Governments collect taxes by direct and indirect means. An example of a direct tax is payroll tax, where tax is deducted by an employer from an employee's income, and paid directly to a collection agency, such as the Internal Revenue Service in the United States. An indirect tax is a tax which is not paid directly to the collection agency by the person paying the tax, but goes an intermediary, who then passes the tax to the collection agency. Sales taxes are examples of indirect taxes.
Progressive Advantage of Direct Taxes
One advantage of direct taxation is that it is easy to apply in a progressive manner. Progressive taxes are a fair way of generating revenue, because multiple rates of taxation can be applied, based on the ability of the tax payer to pay the tax, especially if tax rates increase marginally. For example, a government may apply income tax to earnings at a rate of 10 per cent, for all income earned up to £13,000. Then it applies a rate of 15 per cent to income over £13,000. A person earning more than £13,000 will pay tax at a rate of 10 per cent on the first £13,000 earned, and only pays 15 per cent on earnings over that amount. Progressive, marginal, direct taxation is therefore fair because higher earners bear a greater part of the tax burden, based on their ability to pay higher rates of tax.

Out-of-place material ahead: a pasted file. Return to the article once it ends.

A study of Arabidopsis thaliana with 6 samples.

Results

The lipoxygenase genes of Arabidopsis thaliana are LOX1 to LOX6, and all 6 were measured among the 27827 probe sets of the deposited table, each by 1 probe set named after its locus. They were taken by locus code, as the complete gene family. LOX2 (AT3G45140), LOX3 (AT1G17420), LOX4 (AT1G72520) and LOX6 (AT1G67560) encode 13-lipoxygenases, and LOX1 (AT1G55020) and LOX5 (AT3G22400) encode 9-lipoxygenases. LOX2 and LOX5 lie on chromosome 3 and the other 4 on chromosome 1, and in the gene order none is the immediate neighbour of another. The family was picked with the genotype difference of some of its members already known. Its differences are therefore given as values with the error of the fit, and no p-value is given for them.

Transparency of Direct Taxation
Direct taxes, which go directly by the person bearing the burden of the tax, are transparent taxes. For example, when an employer deducts taxes from the wages of an employee, the employee can see the amount of tax deducted, as it is included on his or her wage statement, or payslip. Self-employed tax payers can also see the amount of tax they need to pay to the government, when they complete their tax returns. In a democracy, tax transparency means that governments have to justify taxes they impose to their voters, and taxpaying voters always aware of the tax burdens imposed on them by politicians.
Environmental Benefits of Indirect Taxation
Governments use Indirect taxes, such as taxes added to the price of goods and services, to modify the behaviour of individuals in order to help achieve environmental goals. For example, the true price of gasoline, at point of delivery to the public is low. The price does not encourage people to reduce their use of gasoline by using public transport, or buying more fuel-efficient vehicles. If a government wishes to reduce the use of gasoline as part of an environmental protection goal, it can artificially inflate the price of gasoline to the consumer, by imposing a sales tax to increase the price. When a government imposes a high enough tax on gasoline, it results in a reduction of demand for gasoline, and thus aids the government in implementing its environmental policy.